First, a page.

ALTITUDE
& PRESSURE... 'a' This option computes
an estimate of mean atmospheric pressure as a function of altitude, or vice
versa. It is based on a polynomial approximation of the International
Standard Atmosphere equation, obtained from the Smithsonian Meteorological
Tables (as a rough approximation, pressure decreases by 50% for every 5500
meter increase in altitude). The results should be accurate within
1-2% of actual pressure or altitude, unless weather conditions are really
unusual. Nevertheless, if you use this calculator, you need to keep
a few caveats in mind:
- Due to approximation (and rounding errors), the algorithm is not completely
reversible (for example, the estimated pressure for an altitude of 2200
meters is 576.0 torr, but the estimated altitude for a pressure of 576.0 torr
is 2199.7 meters).
- The results are estimated mean values and do not account for
local pressure fluctuations arising from weather changes.
- The calculator cannot account for any pressure differential inside
your system. For example, if you use a positive-pressure ("push")
respirometry system, the pressure inside the plumbing -- and hence, inside
your flow meter -- will be slightly higher than atmospheric. The
opposite is true for a negative-pressure ("pull") flow arrangement.
If you want to be compulsive, you might consider using a water manometer
or some other pressure gauge to measure the pressure differential and add
that to atmospheric pressure during STP calculations. In most cases, the pressure differential will be small relative to total atmospheric pressure.
- Accuracy will decrease for altitudes above about 9000 meters (or pressures
less than about 230 torr).
- The newest versions let you use kilopascals (kPa) for pressure units,
in addition to torr.
- The 'store pressure' button will save the current value of barometric
pressure.
ALTITUDE
SIMULATION... This computes the concentration of an artificial gas mixture used to simulate gas concentration at a different altitude or pressure. For example, it might be desirable to simulate the hypoxia at high altitude in a near-sea-level laboratory; this is done by using an artificial gas mixture with an oxygen concentration lower than the standard 20.95% atmospheric concentration: e.g., to simulate the oxygen partial pressure at 3,800 meters in a laboratory at sea level, one would use a gas mixture containing about 13% oxygen.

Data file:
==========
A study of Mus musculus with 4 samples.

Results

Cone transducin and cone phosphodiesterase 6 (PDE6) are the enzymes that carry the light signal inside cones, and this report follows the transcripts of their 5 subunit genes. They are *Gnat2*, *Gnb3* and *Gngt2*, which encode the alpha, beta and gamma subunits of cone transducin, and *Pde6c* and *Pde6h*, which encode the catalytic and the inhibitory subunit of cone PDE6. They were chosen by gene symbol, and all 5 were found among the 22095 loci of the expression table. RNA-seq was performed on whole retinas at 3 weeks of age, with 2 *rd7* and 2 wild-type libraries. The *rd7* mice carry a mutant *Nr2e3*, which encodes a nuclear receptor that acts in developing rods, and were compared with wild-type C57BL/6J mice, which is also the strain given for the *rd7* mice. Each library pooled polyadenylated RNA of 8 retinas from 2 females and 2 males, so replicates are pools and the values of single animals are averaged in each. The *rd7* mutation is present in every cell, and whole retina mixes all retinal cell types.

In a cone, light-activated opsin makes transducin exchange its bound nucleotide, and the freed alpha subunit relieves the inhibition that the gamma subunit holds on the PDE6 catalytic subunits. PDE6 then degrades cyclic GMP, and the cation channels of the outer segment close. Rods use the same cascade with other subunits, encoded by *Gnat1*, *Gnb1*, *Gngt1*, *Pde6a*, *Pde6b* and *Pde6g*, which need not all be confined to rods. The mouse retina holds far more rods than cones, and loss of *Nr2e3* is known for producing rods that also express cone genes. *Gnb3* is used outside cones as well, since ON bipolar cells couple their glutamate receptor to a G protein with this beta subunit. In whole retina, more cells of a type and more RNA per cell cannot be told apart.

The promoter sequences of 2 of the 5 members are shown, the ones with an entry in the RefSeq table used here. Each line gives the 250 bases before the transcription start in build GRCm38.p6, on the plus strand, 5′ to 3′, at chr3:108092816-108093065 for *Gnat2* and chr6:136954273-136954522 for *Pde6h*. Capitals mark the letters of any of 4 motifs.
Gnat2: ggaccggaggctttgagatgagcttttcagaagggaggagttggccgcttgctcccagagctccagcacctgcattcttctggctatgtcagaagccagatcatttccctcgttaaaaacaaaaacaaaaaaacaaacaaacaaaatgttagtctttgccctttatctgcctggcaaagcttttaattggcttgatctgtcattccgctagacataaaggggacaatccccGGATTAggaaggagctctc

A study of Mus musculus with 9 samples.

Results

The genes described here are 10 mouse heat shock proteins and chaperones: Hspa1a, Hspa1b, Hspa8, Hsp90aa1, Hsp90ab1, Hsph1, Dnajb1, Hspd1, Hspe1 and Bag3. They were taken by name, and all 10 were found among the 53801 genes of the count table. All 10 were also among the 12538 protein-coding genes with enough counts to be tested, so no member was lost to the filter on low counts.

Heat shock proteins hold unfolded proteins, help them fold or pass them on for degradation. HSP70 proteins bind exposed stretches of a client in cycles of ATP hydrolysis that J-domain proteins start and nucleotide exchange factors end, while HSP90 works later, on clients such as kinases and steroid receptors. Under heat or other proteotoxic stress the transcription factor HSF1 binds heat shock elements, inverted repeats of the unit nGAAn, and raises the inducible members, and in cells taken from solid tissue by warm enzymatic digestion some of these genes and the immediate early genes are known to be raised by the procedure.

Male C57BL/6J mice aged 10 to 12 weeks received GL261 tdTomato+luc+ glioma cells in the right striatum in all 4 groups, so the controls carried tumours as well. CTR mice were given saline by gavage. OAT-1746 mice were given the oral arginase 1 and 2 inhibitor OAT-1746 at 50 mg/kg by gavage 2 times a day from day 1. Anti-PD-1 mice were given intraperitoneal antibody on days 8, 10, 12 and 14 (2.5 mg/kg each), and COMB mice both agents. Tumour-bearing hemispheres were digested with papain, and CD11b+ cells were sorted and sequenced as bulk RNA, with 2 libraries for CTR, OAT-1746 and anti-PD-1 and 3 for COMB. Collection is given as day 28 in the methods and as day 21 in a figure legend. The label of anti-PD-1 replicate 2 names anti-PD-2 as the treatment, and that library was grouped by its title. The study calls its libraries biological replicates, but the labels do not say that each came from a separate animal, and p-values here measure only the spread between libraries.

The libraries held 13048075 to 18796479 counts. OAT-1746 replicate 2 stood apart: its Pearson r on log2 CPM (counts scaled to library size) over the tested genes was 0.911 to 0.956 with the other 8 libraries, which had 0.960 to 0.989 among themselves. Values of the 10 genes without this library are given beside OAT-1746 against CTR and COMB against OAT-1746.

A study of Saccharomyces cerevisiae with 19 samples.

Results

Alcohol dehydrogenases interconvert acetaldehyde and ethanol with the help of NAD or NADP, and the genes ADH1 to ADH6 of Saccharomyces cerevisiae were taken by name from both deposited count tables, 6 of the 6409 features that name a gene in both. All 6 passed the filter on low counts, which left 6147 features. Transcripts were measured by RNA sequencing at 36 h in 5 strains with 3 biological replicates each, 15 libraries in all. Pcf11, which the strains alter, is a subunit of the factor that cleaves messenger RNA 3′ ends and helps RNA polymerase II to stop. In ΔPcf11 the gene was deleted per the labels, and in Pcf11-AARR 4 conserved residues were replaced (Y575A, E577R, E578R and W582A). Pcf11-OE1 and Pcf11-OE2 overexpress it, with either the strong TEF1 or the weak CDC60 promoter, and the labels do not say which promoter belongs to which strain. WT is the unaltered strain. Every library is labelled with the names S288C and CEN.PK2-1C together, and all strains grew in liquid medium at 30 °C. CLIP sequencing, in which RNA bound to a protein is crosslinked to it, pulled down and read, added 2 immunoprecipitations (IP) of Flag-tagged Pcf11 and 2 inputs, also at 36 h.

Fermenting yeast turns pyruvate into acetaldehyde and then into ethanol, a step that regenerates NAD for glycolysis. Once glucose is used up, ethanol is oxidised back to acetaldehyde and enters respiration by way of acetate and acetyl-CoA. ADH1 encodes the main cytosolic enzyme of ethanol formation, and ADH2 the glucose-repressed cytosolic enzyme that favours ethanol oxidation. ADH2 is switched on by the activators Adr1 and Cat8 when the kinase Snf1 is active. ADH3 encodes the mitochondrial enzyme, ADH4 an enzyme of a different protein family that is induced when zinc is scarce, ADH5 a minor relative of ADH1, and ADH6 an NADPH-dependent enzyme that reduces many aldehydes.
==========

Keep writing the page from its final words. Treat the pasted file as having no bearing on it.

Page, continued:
The calculator allows estimations from different altitudes (in which case it estimates ambient pressures from a polynomial approximation of the International Standard Atmosphere equation, obtained from the Smithsonian Meteorological Tables). It also allows estimation directly from user-entered ambient pressures -- this permits adjustments for weather or other local phenomena that shift ambient barometric pressures.
pO_{2} and pH_{2}O ESTIMATION... 'o' You
can use this calculator to determine the partial pressure of oxygen (pO_{2}) -- or any other gas species in a mixture -- from
ambient temperature, ambient pressure (in the gas phase), fractional concentration
of the gas species of interest in a dry gas mix, and the percent
saturation of water vapor (i.e., relative humidity) in the gas phase. Oxygen
(or other gases) are diluted by water vapor, and the degree of that dilution
depends on RH and temperature.
In the example at right, pressure is sea level standard atmospheric pressure (760
torr), temperature is the typical mammalian body temperature (37 °C),
etc. Note that at this temperature the saturation vapor pressure of water
is about 47.6 torr (this is not affected by the total pressure in the system).
Other considerations for this calculator:
- The calculated pO_{2} value is applicable
for the gas phase, and also for dissolved oxygen, as long as the solution
is fully saturated with O_{2}.
- The default pressure (torr or kilopascals, kPa) is obtained from the
current data file; the default temperature is 37 °C, and the default
fractional gas concentration is .2095 (20.95%, the normal oxygen content
of dry atmospheric air).
DISSOLVED OXYGEN... 'w' You
can use this calculator to determine the amount of oxygen dissolved in a given volume water, as a function of partial pressure, temperature, salinity (dissolved solutes), and other factors. Results include both the oxygen content per liter, and the total oxygen content in the specified volume of water. Output units are user-selectable as ml O_{2} (STP) or mg O_{2} .
The default salinity value (2 parts/thousand) is reasonable for freshwater. For seawater, use a value of 35 parts/thousand, and for typical physiological saline, use 9 parts/thousand.
In the example at right, pressure is sea level standard atmospheric pressure (760
torr), temperature 10 °C, the water is fully saturated with oxygen,
and there are 2 parts/thousand of dissolved solutes (reasonable for fairly fresh water). The calculator provides the dissolved oxygen per unit volume, and for the total volume.